THE CLOSING rally on how to defend the NHS, not surprisingly, was packed. Dr Jackie Grunsell and Huddersfield Save Our NHS councillor gave a moving introduction, exposing how New Labour's policies on the NHS were designed to open it up further to the big business sharks. They just want the NHS as a brand name, so the private healthcare companies can pile up their profits more easily. (See also page 1)
But she also explained how Huddersfield Save Our NHS had tried to force the local council to hold a referendum on the proposed cuts in the local health services. When they refused, the campaign decided to stand in the local elections - and Jackie was elected with a massive 8,000 majority.
Policies that make sense to the government are being rejected as madness by working-class people.
Socialist Party councillor Dave Nellist then developed that argument. He reminded everyone that the NHS used to be the envy of the world. But now that private profit is being given the upper hand, all we have to look forward to is cuts and closures.
But there is a fightback. Dave described some of the protest meetings and demonstrations which have been held in the West Midlands.
700 came to a meeting in Nuneaton. 35,000 people signed a petition and thousands joined demonstrations protesting against cuts in the Warwick and Rugby area. As a result the primary care trust backed off slightly - so protest can work.
But the new chief executive of the NHS has declared that he wants to cut 60 accident and emergency departments nationally and one-third of all maternity units.
"The Tories sold off big industries like gas, electric and transport to reward their big-business friends. But now New Labour is selling off public services to their friends", Dave explained.
But he also pointed out that the tops of the Labour movement are not up to speed on what is happening. He reminded everyone that at a rally at Socialism 2005, the idea of building a new workers' party was discussed. The Campaign for a New Workers' Party was subsequently launched because it is not enough just to expose what New Labour is doing. We need a new party to represent the interests of working-class people.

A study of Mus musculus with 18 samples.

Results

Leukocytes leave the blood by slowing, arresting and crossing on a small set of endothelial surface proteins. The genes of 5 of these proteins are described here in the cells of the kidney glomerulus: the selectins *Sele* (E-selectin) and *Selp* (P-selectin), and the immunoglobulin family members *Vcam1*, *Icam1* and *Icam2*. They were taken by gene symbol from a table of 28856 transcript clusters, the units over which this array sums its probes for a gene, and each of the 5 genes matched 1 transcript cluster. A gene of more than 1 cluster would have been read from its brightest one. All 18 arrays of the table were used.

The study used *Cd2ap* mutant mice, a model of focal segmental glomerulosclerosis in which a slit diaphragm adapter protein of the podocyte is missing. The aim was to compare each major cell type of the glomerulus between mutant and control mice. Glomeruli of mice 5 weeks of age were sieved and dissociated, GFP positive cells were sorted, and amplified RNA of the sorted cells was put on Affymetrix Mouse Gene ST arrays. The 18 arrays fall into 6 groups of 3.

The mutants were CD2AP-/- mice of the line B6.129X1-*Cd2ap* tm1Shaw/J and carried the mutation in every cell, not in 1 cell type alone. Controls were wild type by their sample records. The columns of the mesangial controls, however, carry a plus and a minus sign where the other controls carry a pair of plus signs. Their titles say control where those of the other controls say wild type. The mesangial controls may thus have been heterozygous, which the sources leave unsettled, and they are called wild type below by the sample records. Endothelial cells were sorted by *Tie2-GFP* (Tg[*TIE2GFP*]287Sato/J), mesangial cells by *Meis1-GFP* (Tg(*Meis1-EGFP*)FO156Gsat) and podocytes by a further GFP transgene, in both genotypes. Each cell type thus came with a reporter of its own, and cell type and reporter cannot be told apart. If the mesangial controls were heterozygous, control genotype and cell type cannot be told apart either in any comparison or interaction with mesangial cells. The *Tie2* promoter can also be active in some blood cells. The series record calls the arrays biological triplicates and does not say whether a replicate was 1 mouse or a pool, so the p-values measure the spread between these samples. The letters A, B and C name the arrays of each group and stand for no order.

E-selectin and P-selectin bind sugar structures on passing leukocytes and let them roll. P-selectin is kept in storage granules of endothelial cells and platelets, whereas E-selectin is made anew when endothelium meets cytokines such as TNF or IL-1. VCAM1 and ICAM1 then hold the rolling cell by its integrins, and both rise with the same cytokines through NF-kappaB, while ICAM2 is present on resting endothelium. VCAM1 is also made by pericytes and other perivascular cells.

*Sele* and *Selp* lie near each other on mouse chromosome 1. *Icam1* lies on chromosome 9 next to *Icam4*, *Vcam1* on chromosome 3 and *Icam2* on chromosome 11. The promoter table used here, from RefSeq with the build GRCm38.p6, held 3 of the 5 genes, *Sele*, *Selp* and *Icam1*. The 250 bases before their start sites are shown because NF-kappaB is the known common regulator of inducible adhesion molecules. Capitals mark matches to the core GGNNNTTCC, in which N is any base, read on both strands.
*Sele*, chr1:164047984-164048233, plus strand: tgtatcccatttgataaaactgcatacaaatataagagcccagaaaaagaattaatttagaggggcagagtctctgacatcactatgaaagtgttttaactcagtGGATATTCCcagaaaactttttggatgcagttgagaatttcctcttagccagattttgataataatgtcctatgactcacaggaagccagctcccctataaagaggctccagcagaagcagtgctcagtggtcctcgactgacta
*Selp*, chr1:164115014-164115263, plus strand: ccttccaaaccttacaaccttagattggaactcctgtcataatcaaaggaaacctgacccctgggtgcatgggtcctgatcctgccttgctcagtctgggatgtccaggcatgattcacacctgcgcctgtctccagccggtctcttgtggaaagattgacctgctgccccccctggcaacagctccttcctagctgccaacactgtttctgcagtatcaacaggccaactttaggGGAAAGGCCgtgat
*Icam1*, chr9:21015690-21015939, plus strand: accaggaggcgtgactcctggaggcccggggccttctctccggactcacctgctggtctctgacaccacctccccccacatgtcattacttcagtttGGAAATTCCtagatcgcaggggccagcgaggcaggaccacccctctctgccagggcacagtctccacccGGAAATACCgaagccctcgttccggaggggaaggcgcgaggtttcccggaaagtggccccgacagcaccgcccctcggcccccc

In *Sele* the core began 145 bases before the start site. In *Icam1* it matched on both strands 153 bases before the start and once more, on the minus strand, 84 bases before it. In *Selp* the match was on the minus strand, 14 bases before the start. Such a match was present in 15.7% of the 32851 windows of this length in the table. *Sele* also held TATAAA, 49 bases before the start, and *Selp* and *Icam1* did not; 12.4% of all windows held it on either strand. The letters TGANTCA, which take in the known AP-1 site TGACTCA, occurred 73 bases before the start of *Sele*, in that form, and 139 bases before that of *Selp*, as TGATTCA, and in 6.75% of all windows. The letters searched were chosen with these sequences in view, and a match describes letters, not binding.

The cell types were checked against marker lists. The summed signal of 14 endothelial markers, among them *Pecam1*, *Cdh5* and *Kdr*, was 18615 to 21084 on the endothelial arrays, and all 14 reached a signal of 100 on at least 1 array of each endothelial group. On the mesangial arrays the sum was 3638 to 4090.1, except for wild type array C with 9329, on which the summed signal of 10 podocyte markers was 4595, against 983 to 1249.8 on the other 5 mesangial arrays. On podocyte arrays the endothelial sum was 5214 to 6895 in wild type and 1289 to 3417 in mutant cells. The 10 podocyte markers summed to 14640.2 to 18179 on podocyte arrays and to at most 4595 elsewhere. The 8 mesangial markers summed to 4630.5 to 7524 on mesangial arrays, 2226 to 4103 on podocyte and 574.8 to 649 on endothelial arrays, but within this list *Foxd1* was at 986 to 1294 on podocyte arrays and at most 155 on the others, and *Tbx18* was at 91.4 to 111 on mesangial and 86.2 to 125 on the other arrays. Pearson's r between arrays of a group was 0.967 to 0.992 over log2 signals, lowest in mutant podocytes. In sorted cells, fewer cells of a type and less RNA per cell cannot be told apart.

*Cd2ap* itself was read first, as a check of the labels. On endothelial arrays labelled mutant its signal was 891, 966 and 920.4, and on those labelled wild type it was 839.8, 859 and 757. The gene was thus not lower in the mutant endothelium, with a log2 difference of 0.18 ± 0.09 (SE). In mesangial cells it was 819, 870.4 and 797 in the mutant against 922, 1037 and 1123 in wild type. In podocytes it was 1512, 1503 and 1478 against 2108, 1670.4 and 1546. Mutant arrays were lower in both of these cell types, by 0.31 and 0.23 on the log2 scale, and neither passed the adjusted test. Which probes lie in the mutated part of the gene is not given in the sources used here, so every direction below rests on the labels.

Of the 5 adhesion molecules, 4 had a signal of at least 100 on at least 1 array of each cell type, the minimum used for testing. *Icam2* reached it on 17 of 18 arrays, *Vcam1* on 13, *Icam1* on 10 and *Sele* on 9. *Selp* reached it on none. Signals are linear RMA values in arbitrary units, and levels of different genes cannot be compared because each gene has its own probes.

Dave explained there are already six pensioners in Coventry who want to stand in the local elections. But these challenges to New Labour need to be co-ordinated. The single issue campaigns need to broaden out into a wider political agenda - that's why we must build a new party.
Dave concluded by saying that we can achieve victories now but we must go further and campaign to change society.
Lois Austin, a member of the Socialist Party's executive committee, took us back to 1997 when New Labour was first elected - when workers breathed a sigh of relief to see the back of the Tories. But all we've seen since is cuts and privatisation.
Lois gave two examples - Birmingham Childrens' Hospital have turned away 159 referrals in nine months. And 70% of student physiotherapists can't get jobs in the NHS.
Lois explained how words like "reconfiguration", "reform", "choice", "modernisation" are bandied around to cover up the cuts. As George Orwell explained, they: "Fall upon the facts like soft snow, blurring the outlines and covering up all the details."
We have to expose what is really happening. The government only want us to have the public sector which the private sector can provide. But we must campaign for an NHS which is state-funded and planned at a local, regional and national level.
But the relationship of the big four trade unions with the Labour Party is a block on effective campaigning to defend the NHS. "We must now say to the union leaders - stop prevaricating, if you won't organise a demonstration in February, we will", Lois declared.
On 15 December a number of campaigns across the country, united in the People United Saving Hospitals (PUSH) campaign are organising a day of action. In January, Keep Our NHS Public is organising a week of action. All these events can help to build for a big, national demonstration in February.